NY Times article falsely suggested authority to eavesdrop on terrorism suspects expires on Feb. 1

››› ››› RAPHAEL SCHWEBER-KOREN

A New York Times article falsely suggested that the legal authority "permitting intelligence officials to eavesdrop on the communications of terrorism suspects" would expire on February 1 unless Congress renews it. In fact, neither the Foreign Intelligence Surveillance Act -- the principal law "permitting intelligence officials to eavesdrop on the communications of terrorism suspects" -- nor the authority to monitor the communications of suspected terrorists will "expire" on February 1; rather, what are set to expire are the August 2007 revisions to FISA made through the Protect America Act.

In a January 29 article about President Bush's State of the Union speech, New York Times writer Sheryl Gay Stolberg falsely suggested that the legal authority "permitting intelligence officials to eavesdrop on the communications of terrorism suspects" would expire on February 1 unless Congress renews it. Stolberg reported that Bush "implored" Congress "to renew legislation permitting intelligence officials to eavesdrop on the communications of terrorism suspects" and that "the existing eavesdropping law ... is set to expire on Friday [February 1]." In fact, neither the Foreign Intelligence Surveillance Act (FISA) -- the principal law "permitting intelligence officials to eavesdrop on the communications of terrorism suspects" -- nor the authority to monitor the communications of suspected terrorists will "expire" on February 1, as Media Matters for America has noted. Rather, what are set to expire are the August 2007 revisions to FISA made through the Protect America Act (PAA), which, among other things, expanded the government's powers to eavesdrop on Americans' domestic-to-foreign communications without a warrant. Before Congress amended FISA in August 2007, the government had the authority to listen in on the communications of suspected terrorists if, under most circumstances, it obtained a court order to eavesdrop on communications either intercepted in the United States or acquired by intentionally targeting the communications of a particular, known U.S. person who is in the United States.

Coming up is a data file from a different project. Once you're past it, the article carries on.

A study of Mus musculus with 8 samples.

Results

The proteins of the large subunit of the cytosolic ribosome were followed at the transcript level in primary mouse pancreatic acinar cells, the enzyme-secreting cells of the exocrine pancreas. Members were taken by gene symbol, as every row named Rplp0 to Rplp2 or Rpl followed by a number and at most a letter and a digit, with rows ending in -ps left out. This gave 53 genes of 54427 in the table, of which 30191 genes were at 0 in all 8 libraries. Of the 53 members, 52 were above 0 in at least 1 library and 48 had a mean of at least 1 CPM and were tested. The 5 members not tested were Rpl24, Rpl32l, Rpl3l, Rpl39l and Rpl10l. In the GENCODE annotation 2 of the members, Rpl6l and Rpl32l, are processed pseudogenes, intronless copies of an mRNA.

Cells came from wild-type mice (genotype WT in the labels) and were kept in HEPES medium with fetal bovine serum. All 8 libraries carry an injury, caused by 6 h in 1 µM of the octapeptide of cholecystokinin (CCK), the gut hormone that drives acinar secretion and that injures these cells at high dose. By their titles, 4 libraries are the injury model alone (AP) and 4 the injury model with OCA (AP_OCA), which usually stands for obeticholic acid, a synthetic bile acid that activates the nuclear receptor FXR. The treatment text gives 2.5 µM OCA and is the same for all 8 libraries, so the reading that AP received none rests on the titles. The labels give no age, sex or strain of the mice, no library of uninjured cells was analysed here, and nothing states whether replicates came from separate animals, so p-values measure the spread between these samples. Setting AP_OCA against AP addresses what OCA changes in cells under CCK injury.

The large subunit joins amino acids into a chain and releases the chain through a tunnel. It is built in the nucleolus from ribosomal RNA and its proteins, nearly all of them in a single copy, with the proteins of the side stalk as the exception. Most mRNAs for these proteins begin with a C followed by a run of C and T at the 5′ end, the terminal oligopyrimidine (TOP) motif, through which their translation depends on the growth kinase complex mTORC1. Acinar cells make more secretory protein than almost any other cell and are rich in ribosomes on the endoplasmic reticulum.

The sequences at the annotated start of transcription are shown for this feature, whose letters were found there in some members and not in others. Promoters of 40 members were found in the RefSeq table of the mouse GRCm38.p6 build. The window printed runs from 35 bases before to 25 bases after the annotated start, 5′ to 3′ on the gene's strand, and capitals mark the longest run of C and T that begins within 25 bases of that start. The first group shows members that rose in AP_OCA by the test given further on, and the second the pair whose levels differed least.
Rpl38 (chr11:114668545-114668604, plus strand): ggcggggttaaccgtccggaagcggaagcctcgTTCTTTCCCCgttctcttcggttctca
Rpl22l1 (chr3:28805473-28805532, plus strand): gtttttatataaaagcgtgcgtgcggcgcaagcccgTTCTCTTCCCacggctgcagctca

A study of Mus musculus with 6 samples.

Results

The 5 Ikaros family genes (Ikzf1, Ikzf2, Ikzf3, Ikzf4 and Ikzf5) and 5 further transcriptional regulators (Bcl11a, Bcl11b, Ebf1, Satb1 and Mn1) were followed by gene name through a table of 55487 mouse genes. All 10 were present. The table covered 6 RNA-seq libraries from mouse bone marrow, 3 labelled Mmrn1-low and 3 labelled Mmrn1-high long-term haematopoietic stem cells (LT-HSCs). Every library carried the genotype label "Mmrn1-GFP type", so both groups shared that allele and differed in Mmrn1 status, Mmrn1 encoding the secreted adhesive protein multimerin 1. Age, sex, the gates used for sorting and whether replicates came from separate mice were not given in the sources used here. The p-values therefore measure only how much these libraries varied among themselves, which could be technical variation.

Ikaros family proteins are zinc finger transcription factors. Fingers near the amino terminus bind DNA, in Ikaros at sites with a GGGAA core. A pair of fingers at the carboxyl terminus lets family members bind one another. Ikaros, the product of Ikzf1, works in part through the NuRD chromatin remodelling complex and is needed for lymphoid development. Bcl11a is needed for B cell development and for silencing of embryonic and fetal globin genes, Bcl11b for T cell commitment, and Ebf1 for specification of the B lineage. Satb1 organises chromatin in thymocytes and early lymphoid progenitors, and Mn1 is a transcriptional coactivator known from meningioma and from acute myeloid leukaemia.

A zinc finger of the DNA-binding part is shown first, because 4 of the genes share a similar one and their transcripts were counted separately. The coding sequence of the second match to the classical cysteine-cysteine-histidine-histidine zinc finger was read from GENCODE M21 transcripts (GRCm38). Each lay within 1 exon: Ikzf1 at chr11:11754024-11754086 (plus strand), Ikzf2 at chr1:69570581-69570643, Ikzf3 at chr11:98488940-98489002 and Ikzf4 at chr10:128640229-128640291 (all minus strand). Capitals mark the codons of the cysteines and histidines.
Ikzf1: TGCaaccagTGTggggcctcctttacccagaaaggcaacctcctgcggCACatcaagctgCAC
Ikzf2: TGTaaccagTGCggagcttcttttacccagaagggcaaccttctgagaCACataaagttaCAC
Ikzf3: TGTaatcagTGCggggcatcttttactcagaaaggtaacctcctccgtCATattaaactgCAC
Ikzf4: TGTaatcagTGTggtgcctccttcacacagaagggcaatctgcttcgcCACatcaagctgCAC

According to the PAA's "transition procedures," after those revisions expire on February 1, all new authorizations for surveillance would be governed by the FISA statute as it existed prior to the PAA revisions, while all current authorizations would remain in effect until their scheduled expiration date.

Similarly, a January 29 Washington Post editorial about the State of the Union speech stated that Bush "threatened to veto the temporary extension of a law authorizing surveillance of telephone calls and e-mails" without noting that, even without the extension, such surveillance would still be authorized.

From Stolberg's January 29 New York Times article headlined "Bush, Facing Woes in '08, Focuses on War and Taxes":

Looking ahead, on domestic affairs, Mr. Bush called on Congress to reauthorize his signature education bill, No Child Left Behind, and to pass pending trade agreements with Colombia, Panama and South Korea. He asked lawmakers to make his tax cuts permanent, and implored them to renew legislation permitting intelligence officials to eavesdrop on the communications of terrorism suspects and to provide legal immunity to phone companies that have helped in the wiretapping efforts.

Yet even as Mr. Bush issued that call, lawmakers were at an impasse over the bill Monday night, as the Senate rejected two measures that would have forced votes on competing proposals -- a plan backed by the White House and a short-term effort by Democrats to extend by a month the existing eavesdropping law, which is set to expire on Friday.

From the January 29 Washington Post editorial titled "Final State":

It's possible that the economic relief will be the only significant legislative achievement this year. Mr. Bush urged Congress to show "that Republicans and Democrats can compete for votes and cooperate for results at the same time." But it was hardly a sign of comity that he threatened to veto the temporary extension of a law authorizing surveillance of telephone calls and e-mails that the administration itself sought originally.